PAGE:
This is an 11 second move. From about 1 second to 4 seconds, the speed of the two pan axis (the jib and the camera head) speed up. The slower of the two videos is the reset. The Reset, it should be noted, is now SLOWER than the actual move, whereas before it was faster. The speed of the reset axis has not changed from when you were all here for the scout. I've managed to coax a fair amount more speed out of things!
3rd video is faster yet, with a faster initial tilt movement on the camera head. I think with the combination of efforts, this should get us a long way toward achieving a much higher woosh factor.
4th video is the camera speed (4.5 seconds, 360 degrees) 5th and 6th videos are a camera test with an 85mm lens, on a 60d. The lens is an EF-S.
There are notes when one clicks on the 5th image to understand what is being seen.
5th Video is to understand the rig, 6th is the actual image from the camera.
The turntable is pictured, as it too is a rotational axis which is faster than the pan head, with 1/4" mounting holes for rig options. This takes 250lbs. We could mount a Pan/Tilt Axis to this if we wanted, or even a jib with the same axis for rotation. This would effectively about quadruple the pan speed of just the head alone, if needed.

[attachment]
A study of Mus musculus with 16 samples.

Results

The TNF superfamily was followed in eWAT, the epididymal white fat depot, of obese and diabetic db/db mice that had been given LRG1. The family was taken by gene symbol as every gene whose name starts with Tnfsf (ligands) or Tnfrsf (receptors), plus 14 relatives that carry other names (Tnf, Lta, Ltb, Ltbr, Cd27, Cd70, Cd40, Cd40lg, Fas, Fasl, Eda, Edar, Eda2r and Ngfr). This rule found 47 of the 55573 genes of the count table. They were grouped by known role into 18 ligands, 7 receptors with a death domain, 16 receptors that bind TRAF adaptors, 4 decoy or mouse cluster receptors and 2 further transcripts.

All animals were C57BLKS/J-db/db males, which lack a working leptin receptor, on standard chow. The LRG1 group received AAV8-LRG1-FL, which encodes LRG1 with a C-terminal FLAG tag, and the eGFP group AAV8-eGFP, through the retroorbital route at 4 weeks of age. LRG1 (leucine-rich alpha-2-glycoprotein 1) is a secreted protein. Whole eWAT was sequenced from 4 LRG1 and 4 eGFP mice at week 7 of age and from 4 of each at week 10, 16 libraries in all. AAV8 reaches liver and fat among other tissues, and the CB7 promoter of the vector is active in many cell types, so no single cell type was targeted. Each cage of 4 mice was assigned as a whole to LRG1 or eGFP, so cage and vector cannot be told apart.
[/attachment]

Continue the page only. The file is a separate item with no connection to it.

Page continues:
The 7th video is a heavy load / multi tit / smooth landing test. There is a little over 12lbs on the tilt axis with no problem obtaining 90 degrees.
The 8th Video has 13. 8 LBS on the PAN / TILT head. This is 6.5 Kgs.
Overall, this is a good example of what the rig can do at weights that we need to operate with. The rig is clearly not maxed out. It also shows the time involved (Roughly 3 hours, from build to final) to create the move, given that we had started the endeavor last week (time not included). With this experimentation, we've gotten a fast, smooth shot that, despite not being yet perfect, is close. Now that parameters and weight are understood, all future efforts with this set up can go ahead with a good deal of understanding.